Big brain evolution: our special gene is identified (Evolution)

by dhw, Sunday, January 13, 2019, 14:36 (70 days ago) @ David Turell

dhw: Shapiro concludes that the ability of bacteria to solve problems indicates intelligence. As a doctor, you know it takes generations of bacteria to solve some problems, and millions die before they work out ways of countering measures devised to kill them. This is not “high speed”. Meanwhile, what happened to your God’s instructions?

DAVID: Missed my point: I was referring to immediate stimuli of daily living. The antibiotic appears, and if it is totally effective, all bacteria die. But there will always be a small group with enough immunity to survive and adapt to the antibiotic by adopting an existing metabolic path answer or using gene transfer. Bacteria do this automatically, God's instructions used.

Initially you repeat what I wrote: There is no totally effective antibiotic and so all bacteria don’t die. A small group finds a remedy and passes it on. “Adopting an existing metabolic path answer” is a fine sounding phrase which apparently means that God’s automatic survival programme failed miserably at first, but then clicked in later. It apparently takes time for your God’s “high speed” technology to work. Alternatively, perhaps some bacteria use their intelligence to find a suitable means of solving a new problem which some of their less intelligent buddies were unable to solve.

DAVID: The deletion idea from Behe is simply the reserve [dhw: reverse?] of that possibility, in that info is simply taken out of the process. One or the other is very likely a correct analysis.

dhw: “Simply”? It means that the first cells contained the DNA for every single life form in history – insects, birds, reptiles, mammals – not to mention all the bits that got discarded during speciation: teeth, sexual organs, spikes, fins, legs, trunks, human pelvises, whale pelvises….You call that simple?

DAVID: Simple for God.

Any reason why he couldn’t "simply" have invented a single mechanism (the intelligent cell combining with other intelligent cells) capable of inventing all the above? Too difficult?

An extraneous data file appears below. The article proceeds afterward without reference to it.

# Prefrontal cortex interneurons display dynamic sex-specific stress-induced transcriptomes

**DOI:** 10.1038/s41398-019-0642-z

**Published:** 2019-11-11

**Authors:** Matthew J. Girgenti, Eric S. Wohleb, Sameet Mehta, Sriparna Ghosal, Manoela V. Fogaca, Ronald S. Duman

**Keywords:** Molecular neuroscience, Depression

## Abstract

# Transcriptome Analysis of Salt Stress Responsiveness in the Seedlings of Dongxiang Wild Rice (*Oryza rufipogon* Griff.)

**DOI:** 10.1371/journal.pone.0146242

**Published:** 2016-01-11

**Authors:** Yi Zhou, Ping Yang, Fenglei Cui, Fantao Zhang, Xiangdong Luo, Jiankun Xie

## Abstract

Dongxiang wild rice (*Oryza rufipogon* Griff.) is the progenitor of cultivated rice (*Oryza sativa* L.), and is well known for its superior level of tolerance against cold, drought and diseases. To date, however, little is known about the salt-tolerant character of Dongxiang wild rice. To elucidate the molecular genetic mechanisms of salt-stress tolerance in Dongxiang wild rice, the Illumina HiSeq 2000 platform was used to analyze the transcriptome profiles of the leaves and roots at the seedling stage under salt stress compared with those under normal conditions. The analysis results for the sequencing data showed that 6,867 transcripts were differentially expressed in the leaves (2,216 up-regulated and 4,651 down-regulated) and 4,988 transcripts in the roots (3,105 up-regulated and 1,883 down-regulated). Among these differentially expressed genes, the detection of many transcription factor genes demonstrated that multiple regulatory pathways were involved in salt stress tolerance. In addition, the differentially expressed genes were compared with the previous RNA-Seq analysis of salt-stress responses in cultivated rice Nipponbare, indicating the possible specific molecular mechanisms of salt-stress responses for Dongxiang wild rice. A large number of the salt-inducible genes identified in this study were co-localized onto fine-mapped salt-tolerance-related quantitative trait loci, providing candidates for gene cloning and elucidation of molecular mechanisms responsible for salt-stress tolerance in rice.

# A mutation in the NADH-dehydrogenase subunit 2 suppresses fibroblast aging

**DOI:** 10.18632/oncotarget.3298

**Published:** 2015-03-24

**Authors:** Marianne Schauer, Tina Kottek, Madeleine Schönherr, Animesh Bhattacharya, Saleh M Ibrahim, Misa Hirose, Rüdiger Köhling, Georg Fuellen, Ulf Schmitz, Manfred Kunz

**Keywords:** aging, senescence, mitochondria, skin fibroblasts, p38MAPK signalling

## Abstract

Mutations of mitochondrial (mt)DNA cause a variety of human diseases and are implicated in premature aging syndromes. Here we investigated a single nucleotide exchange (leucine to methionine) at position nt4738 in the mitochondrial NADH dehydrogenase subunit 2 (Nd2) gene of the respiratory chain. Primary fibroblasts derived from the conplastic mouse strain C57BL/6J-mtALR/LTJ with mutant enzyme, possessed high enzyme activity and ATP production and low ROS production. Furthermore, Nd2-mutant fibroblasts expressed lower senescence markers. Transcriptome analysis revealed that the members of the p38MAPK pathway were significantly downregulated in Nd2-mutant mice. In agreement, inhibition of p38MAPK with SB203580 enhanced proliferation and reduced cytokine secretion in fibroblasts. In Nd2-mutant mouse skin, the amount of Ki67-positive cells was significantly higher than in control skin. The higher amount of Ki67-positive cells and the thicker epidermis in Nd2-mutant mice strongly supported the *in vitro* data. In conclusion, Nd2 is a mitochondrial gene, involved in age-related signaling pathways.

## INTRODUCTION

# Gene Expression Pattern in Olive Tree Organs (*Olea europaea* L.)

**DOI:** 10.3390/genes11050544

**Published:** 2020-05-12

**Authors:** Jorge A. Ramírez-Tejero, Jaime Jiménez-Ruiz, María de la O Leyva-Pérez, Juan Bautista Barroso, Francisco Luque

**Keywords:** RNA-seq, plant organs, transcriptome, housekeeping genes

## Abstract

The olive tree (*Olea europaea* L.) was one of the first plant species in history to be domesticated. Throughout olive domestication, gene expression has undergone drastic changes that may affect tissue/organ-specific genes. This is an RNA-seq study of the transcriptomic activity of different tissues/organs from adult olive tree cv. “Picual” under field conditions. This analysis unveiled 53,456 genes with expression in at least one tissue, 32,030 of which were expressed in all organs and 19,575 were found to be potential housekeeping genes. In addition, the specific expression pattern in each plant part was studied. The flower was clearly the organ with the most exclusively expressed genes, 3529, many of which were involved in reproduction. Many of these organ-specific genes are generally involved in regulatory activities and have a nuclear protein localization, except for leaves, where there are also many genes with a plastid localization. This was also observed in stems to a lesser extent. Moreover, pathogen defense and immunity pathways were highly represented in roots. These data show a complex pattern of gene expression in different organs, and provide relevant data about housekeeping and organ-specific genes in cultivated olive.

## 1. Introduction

DAVID: Again avoiding the point of small group size. To go from ape to erectus takes massive mutational changes. If as suspected 10,000 erectus existed and previous antecedent hominins were in similar amounts, and if we use the known helpful mutations rates which are slow, and if we assume a new generation every 18-20 years how did erectus and sapiens appear so quickly in geologic time of six-eight million years?

dhw: Once again, nothing to do with group size, and everything to do with speed. 6 million divided by 20 = 300,000 generations. I am not talking about helpful chance mutations but about the ability of cell communities described above, so how the heck would anyone know how many generations are needed? There is no precedent.

DAVID: The precedent is the human rate of mutations is known and is slow and less than 20 % cause an advance.
"https://www.bionews.org.uk/page_91833

"The team at the Sanger Institute have now accurately calculated the mutation rate. They sequenced the same piece of DNA - just over 10,000,000 letters from the Y chromosome - from two men separated by 13 generations, whose common ancestor lived 200 years ago. They counted the difference between the two sequences and found only four mutations. From their data they were able to calculate the mutation rate.
''These four mutations gave us the exact mutation rate - one in 30 million nucleotide each generation - that we had expected', says Dr Tyler-Smith."

And do you really think that 200 years and 13 separate generations under stable conditions provide an accurate guide to a process that went on under ever changing conditions for 6-8 million years and 300-400,000 generations?

dhw: You agree that the groups were small, and I proposed that they were localized, probably because of changes to local conditions, whereas the rest of the ape family were not affected. Why do you think this hypothesis is less likely than your God fiddling with the anatomy of a few apes and then telling them to go and live on the ground even though they would have been happy to stay in the trees?

DAVID: Again avoiding the speed of the change. It has to be by design.

Speed dealt with above. So why do you think localized response to changing conditions is less likely than your God fiddling with the anatomy of a few apes and making them abandon their happy life in the trees?

dhw: […] please tell us which half of the “semi-autonomous” evolutionary process was autonomous. i.e. was the independent, intelligent decision-making of the organisms concerned.

DAVID: It is a concept. You, in a silly way, want exactitude. Semi-autonomous means within prescribed limits of design.

“Prescribed limits” restrict what can and can’t be done. A man in prison can’t autonomously decide to go for a walk in the country. I never imagined that a prototype ant could turn itself into an eagle or an elephant. But I can imagine cell communities over billions of years using their perhaps God-given intelligence to invent new ways of coping with or exploiting new conditions. And so I’m quite happy to accept the idea that cell communities autonomously restructure themselves, independently designing their own adaptations and innovations within limits prescribed by the environment and their own capabilities. Did you have any other “prescribed limits” in mind?